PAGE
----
As the world becomes more connected and complex, differences among communities will become more apparent and frequent, Communications and Information Minister Yaacob Ibrahim said yesterday.
Such differences, even if irreconcilable, need to be dealt with in a calm, rational and dignified manner, he added.
"How we manage those differences will determine whether we will be able to enlarge the common ground, accommodate a greater plurality of views and ideas, and yet not tear us apart," Dr Yaacob said when he opened a conference on Islam in the contemporary world.
But staying true to one's faith amid living with the realities of a society is an issue that confronts other religious groups too, he noted at the one-day gathering of experts in politics, sociology and Islamic jurisprudence organised by the S. Rajaratnam School of International Studies.
The central theme of his speech was on the need for believers to adopt a contextual approach that takes into account the realities of living in a multicultural society with a government that is secular.
It is the way Muslims have lived in multiracial Singapore and this conciliatory approach in finding common ground with other communities has helped strengthen social cohesion, he added.
The Singapore Government also plays a role in promoting harmony.
It has a responsibility to create an environment in which policies encourage awareness and respect for cultural diversity, uphold the rule of law, and enforce effective laws that criminalise hate speech, said Dr Yaacob, who is also Minister-in- charge of Muslim Affairs.
"We stand united against exclusivists of all shades who denigrate beliefs deeply held by faith communities, and who assert that one culture has absolute superiority to the exclusion of others," he said.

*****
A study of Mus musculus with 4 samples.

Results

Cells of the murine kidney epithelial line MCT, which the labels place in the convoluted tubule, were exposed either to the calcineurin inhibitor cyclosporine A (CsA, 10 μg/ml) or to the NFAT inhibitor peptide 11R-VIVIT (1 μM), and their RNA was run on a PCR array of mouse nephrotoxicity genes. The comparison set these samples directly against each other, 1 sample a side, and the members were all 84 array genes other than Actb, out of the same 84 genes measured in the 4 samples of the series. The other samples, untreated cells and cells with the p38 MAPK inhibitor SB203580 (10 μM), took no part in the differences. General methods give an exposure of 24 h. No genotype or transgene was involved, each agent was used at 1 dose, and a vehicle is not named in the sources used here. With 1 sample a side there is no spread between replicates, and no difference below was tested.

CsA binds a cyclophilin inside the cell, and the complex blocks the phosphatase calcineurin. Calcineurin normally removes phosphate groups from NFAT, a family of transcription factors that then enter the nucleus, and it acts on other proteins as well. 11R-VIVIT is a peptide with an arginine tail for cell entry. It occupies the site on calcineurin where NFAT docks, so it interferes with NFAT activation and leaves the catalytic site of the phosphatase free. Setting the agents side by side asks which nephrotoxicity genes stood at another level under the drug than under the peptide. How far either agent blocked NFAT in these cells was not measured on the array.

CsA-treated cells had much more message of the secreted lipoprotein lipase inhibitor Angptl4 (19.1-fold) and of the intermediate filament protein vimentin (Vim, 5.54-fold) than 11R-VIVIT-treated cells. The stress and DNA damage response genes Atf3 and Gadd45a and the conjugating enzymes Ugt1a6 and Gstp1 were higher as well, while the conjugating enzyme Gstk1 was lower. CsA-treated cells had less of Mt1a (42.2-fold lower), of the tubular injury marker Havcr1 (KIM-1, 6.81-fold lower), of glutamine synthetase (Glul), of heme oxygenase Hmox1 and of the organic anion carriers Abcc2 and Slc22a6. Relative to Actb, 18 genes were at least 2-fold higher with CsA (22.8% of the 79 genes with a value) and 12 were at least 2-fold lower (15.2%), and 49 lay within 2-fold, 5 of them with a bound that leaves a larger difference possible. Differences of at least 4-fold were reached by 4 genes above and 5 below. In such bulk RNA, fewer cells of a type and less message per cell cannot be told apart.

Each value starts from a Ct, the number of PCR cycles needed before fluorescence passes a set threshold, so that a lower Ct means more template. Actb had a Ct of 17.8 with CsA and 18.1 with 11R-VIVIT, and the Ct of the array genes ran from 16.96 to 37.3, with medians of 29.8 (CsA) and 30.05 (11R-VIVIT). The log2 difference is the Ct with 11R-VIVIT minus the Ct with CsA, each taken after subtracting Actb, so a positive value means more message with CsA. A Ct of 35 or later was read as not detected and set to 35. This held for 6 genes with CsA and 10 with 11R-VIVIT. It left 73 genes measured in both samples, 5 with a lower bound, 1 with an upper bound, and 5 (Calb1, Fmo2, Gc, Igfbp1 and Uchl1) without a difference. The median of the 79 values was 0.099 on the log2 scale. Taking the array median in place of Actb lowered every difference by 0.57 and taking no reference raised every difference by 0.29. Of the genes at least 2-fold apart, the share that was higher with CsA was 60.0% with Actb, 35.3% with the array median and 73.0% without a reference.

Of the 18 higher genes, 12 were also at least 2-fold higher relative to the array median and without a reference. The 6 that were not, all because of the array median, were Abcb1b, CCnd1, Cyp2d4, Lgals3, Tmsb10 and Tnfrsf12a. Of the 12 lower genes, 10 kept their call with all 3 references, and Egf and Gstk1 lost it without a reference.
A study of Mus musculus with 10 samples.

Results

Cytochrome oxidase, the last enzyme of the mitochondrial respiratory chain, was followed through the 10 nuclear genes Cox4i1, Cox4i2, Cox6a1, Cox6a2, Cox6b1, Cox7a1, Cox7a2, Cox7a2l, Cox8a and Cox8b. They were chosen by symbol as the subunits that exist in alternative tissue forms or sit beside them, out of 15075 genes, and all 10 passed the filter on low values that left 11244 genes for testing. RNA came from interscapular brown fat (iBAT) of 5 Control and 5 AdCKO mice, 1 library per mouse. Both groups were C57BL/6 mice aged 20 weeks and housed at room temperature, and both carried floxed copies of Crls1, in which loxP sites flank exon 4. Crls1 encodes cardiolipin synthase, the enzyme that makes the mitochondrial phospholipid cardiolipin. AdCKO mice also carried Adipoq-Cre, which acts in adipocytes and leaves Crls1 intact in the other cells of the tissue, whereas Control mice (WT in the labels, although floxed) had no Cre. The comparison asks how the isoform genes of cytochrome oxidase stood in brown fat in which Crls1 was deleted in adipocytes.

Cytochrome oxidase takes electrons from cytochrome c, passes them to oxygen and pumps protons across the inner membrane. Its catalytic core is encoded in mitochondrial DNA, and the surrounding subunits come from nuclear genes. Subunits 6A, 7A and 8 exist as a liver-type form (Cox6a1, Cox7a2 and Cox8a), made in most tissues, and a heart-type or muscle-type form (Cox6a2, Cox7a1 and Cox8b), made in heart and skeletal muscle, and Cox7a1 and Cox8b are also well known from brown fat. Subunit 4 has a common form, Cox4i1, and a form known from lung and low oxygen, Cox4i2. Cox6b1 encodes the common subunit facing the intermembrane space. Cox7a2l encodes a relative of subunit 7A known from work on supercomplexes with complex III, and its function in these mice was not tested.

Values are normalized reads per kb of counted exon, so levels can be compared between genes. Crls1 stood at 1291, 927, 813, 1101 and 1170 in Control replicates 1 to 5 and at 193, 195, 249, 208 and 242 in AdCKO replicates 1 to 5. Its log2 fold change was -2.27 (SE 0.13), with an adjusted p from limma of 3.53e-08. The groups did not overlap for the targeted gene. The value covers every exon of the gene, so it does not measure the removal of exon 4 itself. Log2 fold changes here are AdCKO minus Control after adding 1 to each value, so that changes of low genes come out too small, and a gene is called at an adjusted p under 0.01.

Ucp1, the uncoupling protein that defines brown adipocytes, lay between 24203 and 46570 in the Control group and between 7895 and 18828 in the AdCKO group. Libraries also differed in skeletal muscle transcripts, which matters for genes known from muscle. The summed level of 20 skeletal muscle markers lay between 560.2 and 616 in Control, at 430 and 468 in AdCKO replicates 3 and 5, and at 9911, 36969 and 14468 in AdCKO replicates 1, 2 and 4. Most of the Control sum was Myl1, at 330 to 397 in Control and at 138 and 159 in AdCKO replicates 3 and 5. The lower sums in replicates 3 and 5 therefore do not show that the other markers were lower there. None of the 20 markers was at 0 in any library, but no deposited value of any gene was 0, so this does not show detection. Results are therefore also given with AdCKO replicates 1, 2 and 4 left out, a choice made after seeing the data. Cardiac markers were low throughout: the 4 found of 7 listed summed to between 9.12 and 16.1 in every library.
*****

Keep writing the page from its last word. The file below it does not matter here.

"What is worse is when impressionable and untutored young minds are taught to accept violence and reject peace-making, and are socialised to making decisions without discernment of right and wrong."
Besides intensifying mistrust, exclusivist teachings make society poorer as they reject the notion that one can learn valuable lessons from other groups, said Dr Yaacob.
The conference topics discussed later included possible pathways Islam can take, its place in the modern world, and how the religion has been co-opted for political reasons.
Dr Ahmad Fauzi Abdul Hamid, a scholar on Islam in South-east Asia, noted that the term wasatiyah, or a moderate path, is "bandied about" by political parties claiming to fight for Islam.
They include Turkey's Justice and Development Party, Egypt's Freedom and Justice Party, and Malaysia's Parti Keadilan Rakyat.
But a more fundamentalist version of Islam has, in the past few years, been entering the mainstream in Malaysia, he added.
"We see one state government in Malaysia even conducting a seminar on remembering the contributions of Muhammad Ibn Abdul Wahhab," said Dr Ahmad Fauzi, referring to the 18th century preacher behind the puritanical interpretation of Islam known as Wahhabism.
Dr Yaacob, in his speech, said Singapore's approach since independence is to look at how to develop faith communities here as part of wider society instead of in isolation.
For instance, fatwas, or rulings, by the Islamic Religious Council of Singapore consider views of not just religious leaders, but also experts from different fields.
A partnership between the state and various communities is also necessary so that when problems arise, the best possible solution can be found, he said.
In the quest for enlarging the common ground, Dr Yaacob stressed the need to do it "with a spirit of give and take and compromise".
"Our (Muslim) community has a tradition of being guided by the principles of moderation, inclusiveness, and respect for diversity, and participating actively in our nation-building efforts," he added, saying this "Singapore way" had to be "cherished and protected zealously".